9 Things I Wish Someone Would Have Told Me About Giving Birth


Looking back at the four times I have given birth, I have to say that there's only one thing that's certain about labor and delivery: it's never predictable.

But, there are a few things that I wish I would have known along the way about giving birth, such as …


That my water breaking would not be like in the movies.

When I pictured my water breaking, I envisioned a dramatic scene like in the movies: a tidal wave of fluid followed by a mad dash to the hospital, where I would be begging for my epidural. Turns out, it's not exactly like that. With my first pregnancy, my water leaked a tiny bit–just enough to make me think I peed my pants–and with my other three children, my water didn't even break before my contractions hit.


That labor can take forever.

Sure, you hear that first-time moms usually labor a long time, but who really believes that will happen to them? Well, my friends, believe it: it's better to be prepared for the long haul and be pleasantly surprised, trust me on that one. Pack a lot of distractions in your hospital bag, like headphones and a Netflix app, because you may be in for a long haul.


That those fetal monitors really aren't completely necessary.

If you're giving birth in a standard hospital, chances are you will be continuously monitored with a fetal monitor. And while the nursing staff may make you feel like you can never take those straps off, you may actually be surprised to know that studies have shown that continuous fetal monitoring has not been shown to decrease fetal mortality or complications. In other words, they aren't really helping to prevent any “emergencies” and in fact, may cause unnecessary interventions. So if they are driving you nuts, don't be afraid to ask your nurse for a break.


And the same goes for banning snacking.



That honestly–no one cares if you poop on the delivery table.

Seriously, don't even waste a second worrying about whether or not you are going to poop on the delivery table. After working as an OB nurse for years, I will tell you without a doubt that I have never once cared if a mother giving birth, pooped–in fact, nurses chart the very occurrence because it's a sign that she is pushing correctly, meaning it's almost baby time! We see it all the time and a quick swipe and it's gone. No big deal, really.


That pushing can be really, really hard.

Not for everyone, of course. For a great many women who talked to me, it would seem that pushing was actually the easy part of labor. “It was a relief!” they gushed to me. For me? Not so much. Pushing was hard, hard work.


That it's easier to get the epidural early.

For some reason, I had the thought that I couldn't get an epidural until I was well into my labor. I thought, mistakenly, that I needed to hold out until the last possible minute when I couldn't take it any more or everyone would think I was a wimp. Or, that somehow, the epidural wouldn't work unless I was at an advanced stage in my labor. Turns out, it doesn't work that way. If an epidural is in your plan for pain management, talk with your nurse or care provider about the best time to get it–it's easier to get it before your contractions are too hard, because you are able to sit still enough for the epidural to be placed.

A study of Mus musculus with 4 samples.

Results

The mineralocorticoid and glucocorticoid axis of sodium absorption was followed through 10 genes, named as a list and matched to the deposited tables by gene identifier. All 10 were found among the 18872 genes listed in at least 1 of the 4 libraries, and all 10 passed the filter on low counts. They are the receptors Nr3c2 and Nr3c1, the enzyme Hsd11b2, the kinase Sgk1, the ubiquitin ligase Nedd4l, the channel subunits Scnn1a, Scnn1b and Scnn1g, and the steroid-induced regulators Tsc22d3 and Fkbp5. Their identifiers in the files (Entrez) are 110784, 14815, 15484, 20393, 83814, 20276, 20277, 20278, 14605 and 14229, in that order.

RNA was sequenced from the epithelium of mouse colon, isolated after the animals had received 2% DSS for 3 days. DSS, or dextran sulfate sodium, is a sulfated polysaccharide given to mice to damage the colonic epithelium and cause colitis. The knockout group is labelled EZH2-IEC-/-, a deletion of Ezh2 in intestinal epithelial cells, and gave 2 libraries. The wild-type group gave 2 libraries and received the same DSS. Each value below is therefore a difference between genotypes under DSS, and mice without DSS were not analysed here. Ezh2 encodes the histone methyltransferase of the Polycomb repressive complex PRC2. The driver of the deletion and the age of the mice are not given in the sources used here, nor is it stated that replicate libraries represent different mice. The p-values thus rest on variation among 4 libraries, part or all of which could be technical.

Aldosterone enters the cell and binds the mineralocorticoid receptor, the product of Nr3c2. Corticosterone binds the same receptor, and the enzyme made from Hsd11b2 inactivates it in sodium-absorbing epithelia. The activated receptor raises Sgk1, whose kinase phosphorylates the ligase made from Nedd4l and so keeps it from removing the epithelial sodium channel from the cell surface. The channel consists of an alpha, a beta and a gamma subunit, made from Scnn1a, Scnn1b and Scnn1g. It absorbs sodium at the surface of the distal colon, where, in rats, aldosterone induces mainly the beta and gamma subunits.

That giving birth naturally is totally possible.



That giving birth would be the single greatest experience of my life.

Nothing in life compares to that moment–that exhilarating, exhausting, overwhelming moment–when you give birth to your baby and meet him or her for the first time. The first time it happens, you wonder how you ever lived before and your heart feels like it's rushing out of your chest to unite with this tiny, little being that will forever claim your love. And the second, third, fourth or tenth time it happens? It's exactly the same.

{ MORE: What to Do When You're Scared to Give Birth }

What do you wish someone would have told you about giving birth?


Chaunie Brusie is a writer, mom of four, and founder of The Stay Strong Mom, a community + gift box service for moms after loss. ... More


  1. Jennifer says:

    You forgot to mention the joys of episiotomies. For those who don’t know what an episiotomy is: An episiotomy (/əˌpiːziːˈɒtəmiː/ or /ˌɛpəsaɪˈɒtəmiː/), also known as perineotomy, is a planned, surgical incision on the perineum and the posterior vaginal wall during second stage of labor. The incision, which can be done at a 90 degree angle from the vulva towards the anus or at an angle from the posterior end of the vulva (medio-lateral episiotomy), is performed under local anesthetic (pudendal anesthesia), and is sutured closed after delivery….So basically, when you have a vaginal birth, and your vagina is too small to pass your baby, no biggie, they’ll just cut it bigger! Otherwise you will tear open and that’s much worse and takes longer to heal. After the baby is out, and theyre down there cleaning you up and taking all the leftovers out you don’t need in there anymore, like your placenta, they stitch you back up. For me it was quite painful for a couple weeks following. I couldn’t stand without bracing myself on something to help lift myself up because it put a lot of pressure on the stitches and hurt. Also you have to wear hemorrhoid pads in your panties so your stitches don’t get dried out and hurt more or pop open. It also burns your incision and stitches when you pee and get urine on it. And you have to take stool softeners to keep your bowl movements soft, otherwise its painful to have a bowl movement and can potentially pop your stitches. Also, for years after, sex can be painful because of where you were cut…Good times.

  2. kayla says:

    I wish someone would have told me the nurses deliver your baby. I thought I was just practicing pushing waiting for the dr… I bet I could have had a natural birth instead of a c-section.